No Boundaries International Art Colony, Wilmington, North Carolina, USA. November 2008.
Imagine yourself sitting on a white rocking chair on the deck of a hundred year old wooden house while watching dolphins and pelicans feeding just off shore. Warm, even in November. Good food, good company and 2 weeks to just follow your interests. Almost too good to be true but that’s exactly what I found when I travelled to Bald Head Island near Doncaster’s twin town of Wilmington, North Carolina, USA.
I had been invited to the No Boundaries International Artists’ Colony along with 11 other painters from Denmark, Germany, Spain, Italy, Ghana, France, Brazil, Macedonia, Holland and seven American artists. We stayed in Captain Charlie’s Cottages, three of the oldest buildings on the island built alongside the beach for the lighthouse keeper and his colleagues, close to The Point, where the Cape Fear River meets the Atlantic Ocean.
The No Boundaries colony is arranged every 2 years by Pam Toll, Gayle Tustin and Dick Roberts, three well established artists and all round splendid people from Wilmington, to give invited artists the opportunity for two weeks uninterrupted painting on idyllic Bald Head Island.
The surroundings were fantastic if, like me, you appreciate a bit of space. Every morning I was up to see the sun rise over the sea and every evening watched it set – also over the sea. At night it was dark enough to see the Milky Way and, apart from the waves, totally silent. The wide views of sea, sand and the distinctive wooden houses all bathed in the clear pearly light of the Atlantic coast could not be ignored. For the first week I put aside my usual ‘studio’ style and set about some large open-air acrylic paintings of the beach, sand-dunes and nearby marshes.
This was rather like the open-air watercolour landscapes I was doing 10 years ago but on a grander scale. With temperatures in the mid 70sF (25C) a breeze was welcome but on some days the canvas had to be tied to the easel and the easel tied to the boardwalk to be able to work. I also made a few paintings in my ‘studio’ style using much stenciling and scraping to capture some of the history of the place but the open deck wasn’t the easiest place to keep track of paper stencil pieces. It was interesting to watch how the other artists developed their paintings and there were several techniques used that could answer questions raised in my own work. I’ll be exploring their potential over coming months.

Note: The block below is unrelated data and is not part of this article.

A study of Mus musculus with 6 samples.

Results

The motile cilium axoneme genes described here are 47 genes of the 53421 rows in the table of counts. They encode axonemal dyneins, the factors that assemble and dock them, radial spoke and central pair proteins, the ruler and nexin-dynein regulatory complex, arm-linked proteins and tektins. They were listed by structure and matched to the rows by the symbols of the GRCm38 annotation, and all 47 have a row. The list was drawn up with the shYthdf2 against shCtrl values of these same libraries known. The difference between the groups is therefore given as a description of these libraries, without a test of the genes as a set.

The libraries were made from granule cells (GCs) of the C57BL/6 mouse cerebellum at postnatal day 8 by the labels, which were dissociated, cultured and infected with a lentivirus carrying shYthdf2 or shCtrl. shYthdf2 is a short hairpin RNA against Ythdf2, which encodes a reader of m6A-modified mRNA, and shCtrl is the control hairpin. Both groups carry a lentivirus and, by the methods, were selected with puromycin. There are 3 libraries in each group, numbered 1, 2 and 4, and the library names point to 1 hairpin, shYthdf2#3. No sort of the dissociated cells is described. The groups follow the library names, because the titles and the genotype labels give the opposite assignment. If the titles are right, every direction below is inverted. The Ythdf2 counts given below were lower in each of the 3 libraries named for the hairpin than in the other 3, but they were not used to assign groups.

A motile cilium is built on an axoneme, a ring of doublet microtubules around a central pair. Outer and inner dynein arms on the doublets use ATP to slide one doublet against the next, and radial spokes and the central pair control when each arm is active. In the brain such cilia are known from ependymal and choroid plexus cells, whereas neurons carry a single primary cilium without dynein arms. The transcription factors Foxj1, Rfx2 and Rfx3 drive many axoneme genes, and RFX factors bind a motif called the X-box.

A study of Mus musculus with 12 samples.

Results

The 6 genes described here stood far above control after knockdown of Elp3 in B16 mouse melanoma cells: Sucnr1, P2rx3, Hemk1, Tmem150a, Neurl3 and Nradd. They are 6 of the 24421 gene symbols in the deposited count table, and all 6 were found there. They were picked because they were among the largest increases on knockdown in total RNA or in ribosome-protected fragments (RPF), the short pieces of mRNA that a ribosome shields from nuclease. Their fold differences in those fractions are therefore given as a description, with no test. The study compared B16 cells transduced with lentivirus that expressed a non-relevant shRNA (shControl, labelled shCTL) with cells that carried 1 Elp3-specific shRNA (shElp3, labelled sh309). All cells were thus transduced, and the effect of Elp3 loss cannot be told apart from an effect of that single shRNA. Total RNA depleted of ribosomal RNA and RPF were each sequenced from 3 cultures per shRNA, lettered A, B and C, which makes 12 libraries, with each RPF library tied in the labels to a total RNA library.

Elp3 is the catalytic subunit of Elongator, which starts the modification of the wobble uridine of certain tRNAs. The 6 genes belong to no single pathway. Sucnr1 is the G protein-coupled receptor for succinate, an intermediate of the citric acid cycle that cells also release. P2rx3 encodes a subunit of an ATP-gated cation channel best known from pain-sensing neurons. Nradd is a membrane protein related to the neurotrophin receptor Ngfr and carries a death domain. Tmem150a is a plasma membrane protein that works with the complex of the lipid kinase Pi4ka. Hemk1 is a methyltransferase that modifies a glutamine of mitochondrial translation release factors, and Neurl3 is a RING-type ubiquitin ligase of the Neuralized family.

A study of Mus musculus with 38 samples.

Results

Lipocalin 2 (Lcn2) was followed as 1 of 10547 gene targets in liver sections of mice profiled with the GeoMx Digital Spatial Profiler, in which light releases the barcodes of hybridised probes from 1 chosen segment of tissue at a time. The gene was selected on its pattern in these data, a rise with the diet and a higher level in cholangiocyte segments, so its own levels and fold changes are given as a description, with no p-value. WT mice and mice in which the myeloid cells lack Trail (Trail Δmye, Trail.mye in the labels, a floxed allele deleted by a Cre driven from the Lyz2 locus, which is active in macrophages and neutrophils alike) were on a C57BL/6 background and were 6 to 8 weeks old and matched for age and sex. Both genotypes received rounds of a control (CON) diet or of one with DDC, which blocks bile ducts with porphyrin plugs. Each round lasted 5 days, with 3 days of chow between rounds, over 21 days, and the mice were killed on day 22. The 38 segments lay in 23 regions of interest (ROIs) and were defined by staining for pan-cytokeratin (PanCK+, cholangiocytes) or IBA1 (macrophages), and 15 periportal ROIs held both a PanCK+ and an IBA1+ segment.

As well as the artists on the island, I had the bonus of meeting various groups of people in Wilmington including members of their Sister Cities Association. They invited me to a very pleasant lunch and then took me along to meet some 2nd graders at one of their schools. I had a package from their pen-friends in Doncaster for them and they had many questions to ask me. On another day I gave a presentation about my paintings to students at the University of North Carolina and later did a workshop for teenagers at the Dreams community group. I met with the Mayor of Wilmington who gave me a pen set to bring home in exchange for the one I had brought from the civic mayor of Doncaster. Without exception they were lovely, welcoming people and I’ll remember them fondly.
The fellowship and good nature of all the artists easily overcame any language barriers as ideas and techniques were shared through the days and stories, songs, music and dance went late into the evenings. Many visitors came to the cottages to watch the artists at work and returned to see the finished works in the closing exhibition back on the mainland at the Acme Studios and Gallery in Wilmington. The quality of the paintings was very high and many pictures were sold including some of my landscape and studio work. My remaining pictures are on display in the island’s gallery.